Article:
ILO sounds the ‘death knell for asbestos’

DYING INDUSTRY Asbestos kills at least 300 people every day. It's time the industry was killed off, say unions and campaigners.

A statement from a United Nations body confirming its desire to see the end of asbestos use worldwide is the ‘death knell’ for a substance which claims one life every five minutes around the clock, the global union confederation ITUC has said.

The International Labour Organisation (ILO) this week warned in an official position statement that industry lobbyists pushing asbestos around the world must not claim to have ILO support.

ITUC General Secretary Sharan Burrow said the ILO statement provides welcome support for the global union campaign to see a ban on asbestos worldwide and a just transition to safer, better jobs for displaced asbestos workers. “ILO has confirmed that it wants to see the elimination of asbestos use worldwide, full stop,” she said. “Coming on the heels of calls for a global ban on asbestos use from major scientific, medical and occupational health groups, this sounds the death knell for the deadly fibre and a fatal blow for the asbestos pushers.”

The ILO statement comes at a time the asbestos industry is pressing hard for an expansion of chrysotile (white) asbestos production and sales. All forms of asbestos except for chrysotile are already prohibited worldwide.

Industry lobby group the Chrysotile Institute, which takes a lead in the global promotion of asbestos exports, routinely cites ILO documents and claims they are supportive of its case for continued asbestos use.

The Chrysotile Institute’s ‘Safe use manual’ claims it “builds on the principles of controlled-use embodied in ILO Convention 162, Safety in the Use of Asbestos.” The Institute also claims on its website to have organised training courses “in cooperation” with the ILO “intended to promote the controlled use of chrysotile.” And a March 2010 Chrysotile Institute news release headed ‘Partners in Favour of Chrysotile Fibre’ and criticising those calling for a global asbestos ban said its case was supported by “documents from the World Health Organization and the International Labour Organization among others.”

Concerned at the industry’s repeated misuse of ILO’s name, the Geneva-based body issued the position statement which highlights the UN agency’s commitment to “promoting the elimination of the future use of all forms of asbestos and asbestos-containing materials.”

The ILO statement also underlines that “the ILO Convention on Safety in the Use of Asbestos, No. 162, should not be used to provide a justification for, or endorsement of, the continued use of asbestos.”

The issue has caused renewed controversy in recent months, as the Chrysotile Institute has been trying to secure government and private funds to dramatically expand asbestos production in Quebec, Canada. The last-ditch effort to revive Quebec’s asbestos industry this month received a cash lifeline while the deadly mining operation scrabbles to find private investors. The rapid approval by the Quebec government of a Can$3.5 million (US$3.4m) guaranteed line of credit, plus political support from Canada’s federal government, allowed the Jeffrey mine in Asbestos, Quebec to reopen for the month of September.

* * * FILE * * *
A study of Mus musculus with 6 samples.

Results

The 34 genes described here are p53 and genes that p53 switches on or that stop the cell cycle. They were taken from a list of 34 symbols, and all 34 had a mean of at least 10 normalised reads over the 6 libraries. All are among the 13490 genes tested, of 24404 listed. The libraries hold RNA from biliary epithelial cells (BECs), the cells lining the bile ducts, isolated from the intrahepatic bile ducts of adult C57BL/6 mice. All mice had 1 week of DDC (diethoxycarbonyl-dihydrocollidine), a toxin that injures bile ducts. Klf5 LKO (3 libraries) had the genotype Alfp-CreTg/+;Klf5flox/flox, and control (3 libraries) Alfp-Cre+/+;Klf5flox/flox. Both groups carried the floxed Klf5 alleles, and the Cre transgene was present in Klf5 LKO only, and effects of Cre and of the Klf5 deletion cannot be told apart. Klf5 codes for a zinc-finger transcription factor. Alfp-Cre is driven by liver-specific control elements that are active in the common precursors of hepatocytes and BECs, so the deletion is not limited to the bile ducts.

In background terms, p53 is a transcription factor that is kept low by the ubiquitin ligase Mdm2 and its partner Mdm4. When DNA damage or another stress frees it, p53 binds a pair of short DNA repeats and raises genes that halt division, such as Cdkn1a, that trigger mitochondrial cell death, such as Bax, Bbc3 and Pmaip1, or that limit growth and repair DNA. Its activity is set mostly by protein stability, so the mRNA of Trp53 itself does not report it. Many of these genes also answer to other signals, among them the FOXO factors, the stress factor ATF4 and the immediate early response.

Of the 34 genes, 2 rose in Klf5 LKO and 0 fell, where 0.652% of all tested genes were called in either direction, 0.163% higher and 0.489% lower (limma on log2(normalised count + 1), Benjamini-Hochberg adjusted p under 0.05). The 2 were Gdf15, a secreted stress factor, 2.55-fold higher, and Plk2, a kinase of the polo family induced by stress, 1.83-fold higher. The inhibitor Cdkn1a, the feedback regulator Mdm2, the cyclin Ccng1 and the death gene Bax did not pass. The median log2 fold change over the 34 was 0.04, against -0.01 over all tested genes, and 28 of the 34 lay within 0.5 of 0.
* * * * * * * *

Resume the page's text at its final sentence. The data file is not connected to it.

The new cash has given the mine – which has virtually exhausted its asbestos deposit, is under bankruptcy protection and which ceased operating in October 2009 – breathing space to find private investors. Without this it has been told a Can$58m (US$56m) loan guarantee from the Quebec government, which would underwrite the cost of opening a new asbestos mine, would not be forthcoming. If the mine goes ahead, it will export 200,000 tonnes of asbestos a year to developing countries for 25 years.

Sharan Burrow said the ILO position statement could have “life-saving consequences, in reinforcing the union case for a total asbestos ban.” At ITUC’s June 2010 global congress in Vancouver, delegates agreed to press for “a total world ban on the use and commercialisation of asbestos, in which regard Congress, meeting in Canada, makes a special appeal to the Canadian government to join a total world ban on asbestos.”

That did not mean consigning asbestos workers to the scrap heap, however. According to Sharan Burrow: “Bringing an end to asbestos use is crucial, but only one part of the equation. That’s why ITUC is pursuing a policy of just transition, replacing dirty, damaging and deadly jobs with safer alternatives. We don’t want to see asbestos workers jobless, we want to see them in good, union jobs that don’t kill them. Asbestos is a dying industry – we need to consign it to history and move instead to decent, green jobs where you work, not die, for a living.”

Fiona Murie, health and safety director of the global construction union federation BWI, whose members are in the asbestos exposures front line, warned that while the industry profited from asbestos use, workers paid with their lives. “The World Health Organisation’s latest estimate notes that asbestos already claims 107,000 lives a year,” she said, pointing to a July 2010 WHO factsheet. “Even that conservative estimate means every five minutes around the clock a person dies of asbestos related disease.”

The construction union health and safety expert welcomed the ILO statement. “This confirms what the industry has in reality known all along – ILO, alongside major respectable scientific and medical organisations the world over, opposes the ongoing use of a fibre that kills at least 300 people every day. The asbestos industry, aided and abetted by the governments of Canada and Quebec, must now cease and desist its callous and cynical subterfuge on asbestos and should accept no-one including the ILO wants its deadly product.”